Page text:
As you probably guessed, the penalties for a second offense OUI are worse. Depending on the facts surrounding your case, you and your OUI defense attorney will have to decide whether to fight the charge against you or plea bargain with the prosecution. In either case, a qualified OUI defense attorney can significantly reduce the harsh penalties you'll be facing.
While a second offense OUI in Massachusetts in still considered a misdemeanor, the penalties are more serious than a first offense OUI. If convicted, you must spend a minimum jail time of 30 days, but your actual sentence will range from 60 days to 2 ½ years. The fine you can expect is at least $600 and could reach as high as the $10,000 maximum.
The Registry of Motor Vehicles will suspend your driver's license for 2 years when you are convicted of a second offense OUI. After 6 months, you can apply for a work/school hardship license. You will have to wait 1 year before you can apply for a general hardship license in order to have more driving freedoms. If you violated the state's Implied Consent Law by refusing to submit to a chemical test, you will have to wait 4 years before you can apply for a hardship license.
If you and your attorney do find that a plea bargain is in your best interest, you will likely face the following penalties instead of the penalties listed above. First, you can be placed on probation for 2 years. You can also choose to install an ignition interlock device in your vehicle for 2 years. This machine is installed at your cost in any vehicle you drive.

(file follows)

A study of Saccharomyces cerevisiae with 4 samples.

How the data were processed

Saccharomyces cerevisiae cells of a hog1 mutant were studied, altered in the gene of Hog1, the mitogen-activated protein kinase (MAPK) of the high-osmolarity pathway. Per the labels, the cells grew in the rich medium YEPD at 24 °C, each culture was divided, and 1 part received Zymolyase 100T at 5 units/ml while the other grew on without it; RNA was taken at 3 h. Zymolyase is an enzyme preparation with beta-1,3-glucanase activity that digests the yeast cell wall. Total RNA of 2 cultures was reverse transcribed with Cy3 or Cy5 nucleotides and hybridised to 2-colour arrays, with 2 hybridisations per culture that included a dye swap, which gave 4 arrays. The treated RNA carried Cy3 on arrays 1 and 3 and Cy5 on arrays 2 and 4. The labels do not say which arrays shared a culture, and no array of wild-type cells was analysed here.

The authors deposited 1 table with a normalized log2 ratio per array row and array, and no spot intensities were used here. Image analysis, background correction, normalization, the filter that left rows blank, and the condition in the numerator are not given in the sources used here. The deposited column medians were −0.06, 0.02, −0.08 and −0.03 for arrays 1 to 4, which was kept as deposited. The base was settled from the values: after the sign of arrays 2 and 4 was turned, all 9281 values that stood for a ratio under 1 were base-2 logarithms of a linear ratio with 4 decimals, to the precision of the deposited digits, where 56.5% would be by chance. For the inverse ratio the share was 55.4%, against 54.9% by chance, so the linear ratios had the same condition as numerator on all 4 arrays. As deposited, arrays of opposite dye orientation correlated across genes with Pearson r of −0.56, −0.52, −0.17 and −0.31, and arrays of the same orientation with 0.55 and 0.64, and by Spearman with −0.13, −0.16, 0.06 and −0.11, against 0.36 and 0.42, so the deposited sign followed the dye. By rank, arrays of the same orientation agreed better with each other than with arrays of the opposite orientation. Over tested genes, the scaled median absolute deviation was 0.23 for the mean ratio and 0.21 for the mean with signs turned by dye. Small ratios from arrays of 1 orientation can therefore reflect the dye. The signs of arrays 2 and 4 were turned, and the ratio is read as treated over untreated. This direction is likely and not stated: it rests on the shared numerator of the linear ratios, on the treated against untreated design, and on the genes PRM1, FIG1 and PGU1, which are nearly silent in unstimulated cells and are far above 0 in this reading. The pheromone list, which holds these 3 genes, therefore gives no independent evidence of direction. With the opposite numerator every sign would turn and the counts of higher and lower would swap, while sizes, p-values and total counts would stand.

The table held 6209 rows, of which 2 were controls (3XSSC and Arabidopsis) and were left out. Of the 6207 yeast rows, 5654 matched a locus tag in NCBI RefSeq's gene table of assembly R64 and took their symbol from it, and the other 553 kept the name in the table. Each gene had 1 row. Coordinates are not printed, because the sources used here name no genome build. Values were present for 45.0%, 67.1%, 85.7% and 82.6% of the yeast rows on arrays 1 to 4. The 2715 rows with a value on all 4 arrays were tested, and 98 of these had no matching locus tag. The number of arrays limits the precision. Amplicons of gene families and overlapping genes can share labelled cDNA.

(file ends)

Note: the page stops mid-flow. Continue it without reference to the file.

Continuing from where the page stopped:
Another option may be to admit yourself to alcohol treatment in a lock-down facility where you will be obligated to stay for 2 weeks. The cost for treatment comes out of your pocket. If money isn't really a problem, it may be in your best interest to pay thousands of dollars in fines.
Even if you think you can't win your second offense OUI case, please seek with a qualified defense attorney. Remember, the prosecution has many things to prove on their end.